California's local economies are stagnating

A measure of local economic strength in the U.S. stagnated in the third quarter, dragged down by lackluster growth in major California cities, according to new data published by Yelp.

Yelp’s gauge of local economic activity among the 50 major U.S. cities remained mostly unchanged from the prior quarter, as uncertainties surrounding the U.S.-China trade war and Democrats’ impeachment inquiry into President Trump continued to weigh on the economy. The index rose just slightly at 0.07 percent to 99.2, missing its baseline level of 100, which indicates long-term momentum.

The user-review website relies on its 34 million monthly app users and 75 million mobile users to take the temperature of American businesses and consumer sentiment across 30 different sectors. Its release precedes the first reading of third-quarter GDP on Oct. 30.

Though California still remains an economic powerhouse in the U.S. (and globally — Fortune ranked it as the world’s fifth-biggest economy) some of the biggest cities that are fueling the state’s wealth are stumbling, according to Yelp data.

Among the country’s biggest metros, San Jose and San Francisco posted the biggest decline in local economic activity. San Diego also ranked in the bottom five, while Los Angeles was placed in the bottom 10. Sacramento, meanwhile, also scored below average.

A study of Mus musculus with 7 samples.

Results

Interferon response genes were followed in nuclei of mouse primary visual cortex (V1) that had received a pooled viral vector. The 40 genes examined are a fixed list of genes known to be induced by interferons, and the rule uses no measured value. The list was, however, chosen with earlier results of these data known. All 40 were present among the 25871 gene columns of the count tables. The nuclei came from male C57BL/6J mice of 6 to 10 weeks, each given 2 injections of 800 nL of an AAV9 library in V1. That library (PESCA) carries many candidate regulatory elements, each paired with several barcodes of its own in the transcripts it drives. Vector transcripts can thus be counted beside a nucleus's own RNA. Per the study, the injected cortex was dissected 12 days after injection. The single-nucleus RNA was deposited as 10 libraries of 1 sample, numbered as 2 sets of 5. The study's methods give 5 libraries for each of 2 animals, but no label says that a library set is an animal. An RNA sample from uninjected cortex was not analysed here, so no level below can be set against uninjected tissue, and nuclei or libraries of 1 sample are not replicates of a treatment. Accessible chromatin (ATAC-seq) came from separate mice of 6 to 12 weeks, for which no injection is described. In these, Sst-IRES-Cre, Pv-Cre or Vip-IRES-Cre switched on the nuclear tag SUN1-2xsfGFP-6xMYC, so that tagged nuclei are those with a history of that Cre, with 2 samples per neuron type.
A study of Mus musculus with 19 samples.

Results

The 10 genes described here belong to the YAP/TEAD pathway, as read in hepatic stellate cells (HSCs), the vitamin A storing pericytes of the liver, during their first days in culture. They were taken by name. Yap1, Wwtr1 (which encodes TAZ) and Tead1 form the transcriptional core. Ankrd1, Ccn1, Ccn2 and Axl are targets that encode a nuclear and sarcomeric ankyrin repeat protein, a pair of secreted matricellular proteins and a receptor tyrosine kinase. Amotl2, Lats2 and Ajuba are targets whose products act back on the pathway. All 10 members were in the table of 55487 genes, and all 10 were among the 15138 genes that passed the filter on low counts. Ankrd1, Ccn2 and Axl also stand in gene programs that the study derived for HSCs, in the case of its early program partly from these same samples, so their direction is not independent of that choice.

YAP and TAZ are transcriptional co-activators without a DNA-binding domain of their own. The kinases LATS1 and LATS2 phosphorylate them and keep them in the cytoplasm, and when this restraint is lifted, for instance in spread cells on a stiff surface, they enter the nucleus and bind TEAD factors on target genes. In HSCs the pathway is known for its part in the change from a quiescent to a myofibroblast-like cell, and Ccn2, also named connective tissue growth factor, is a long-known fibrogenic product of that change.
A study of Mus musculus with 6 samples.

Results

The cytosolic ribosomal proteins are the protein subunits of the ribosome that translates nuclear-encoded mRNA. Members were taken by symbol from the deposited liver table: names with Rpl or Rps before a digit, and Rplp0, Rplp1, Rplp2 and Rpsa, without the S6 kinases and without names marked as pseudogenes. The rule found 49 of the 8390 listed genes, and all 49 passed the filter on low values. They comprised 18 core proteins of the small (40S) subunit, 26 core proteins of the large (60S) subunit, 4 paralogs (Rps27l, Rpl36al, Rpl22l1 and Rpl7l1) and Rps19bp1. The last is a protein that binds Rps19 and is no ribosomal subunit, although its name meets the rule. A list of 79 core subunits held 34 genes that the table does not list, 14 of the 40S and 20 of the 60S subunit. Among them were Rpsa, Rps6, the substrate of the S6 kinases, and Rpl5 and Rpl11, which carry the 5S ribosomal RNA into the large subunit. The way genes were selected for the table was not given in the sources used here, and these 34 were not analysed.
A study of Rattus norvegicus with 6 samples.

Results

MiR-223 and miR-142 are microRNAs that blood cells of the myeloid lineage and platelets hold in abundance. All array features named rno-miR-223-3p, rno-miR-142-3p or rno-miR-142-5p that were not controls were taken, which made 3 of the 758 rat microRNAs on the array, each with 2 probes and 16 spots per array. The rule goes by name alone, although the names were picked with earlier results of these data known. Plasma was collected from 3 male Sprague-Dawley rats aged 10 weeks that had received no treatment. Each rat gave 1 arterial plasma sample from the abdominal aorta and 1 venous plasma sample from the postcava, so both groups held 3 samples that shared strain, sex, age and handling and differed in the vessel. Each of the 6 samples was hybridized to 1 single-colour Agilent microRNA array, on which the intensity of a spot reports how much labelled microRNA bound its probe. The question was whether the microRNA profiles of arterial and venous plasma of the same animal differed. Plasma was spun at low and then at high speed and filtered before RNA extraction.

“California’s biggest local economies are continuing to struggle,” Carl Bialik, Yelp’s data science editor, said in a statement. “Construction limits and increasing rent are pushing consumers and workers farther from businesses, contributing to continued quarterly declines in some of the state’s biggest metro areas, with retail and restaurants taking the biggest hits.”

In part, that’s because limits to development around California have caused a spike in housing prices. That has a huge snowball effect, restricting the supply of workers, resulting in higher labor costs and limited consumption, because so much income goes toward housing, according to the McKinsey Global Institute. Slow growth in density then leaves consumers farther away from businesses, possibly pushing shoppers to make purchases online or drive outside metro areas.

Across all five cities, stores selling phones, shoes and women’s clothing have fallen sharply. Rents in San Francisco and San Jose have surged for retailers. The plunge in retail also has an adverse effect on restaurants.

The declines range from 2.6 percent in San Diego to 9.3 percent in San Jose. San Francisco fell slightly in between, at 6 percent.

On the other end of the spectrum — and the other coast — Milwaukee, Honolulu, Portland, Maine,  Buffalo and Pittsburgh nabbed spots as the best-performing metros.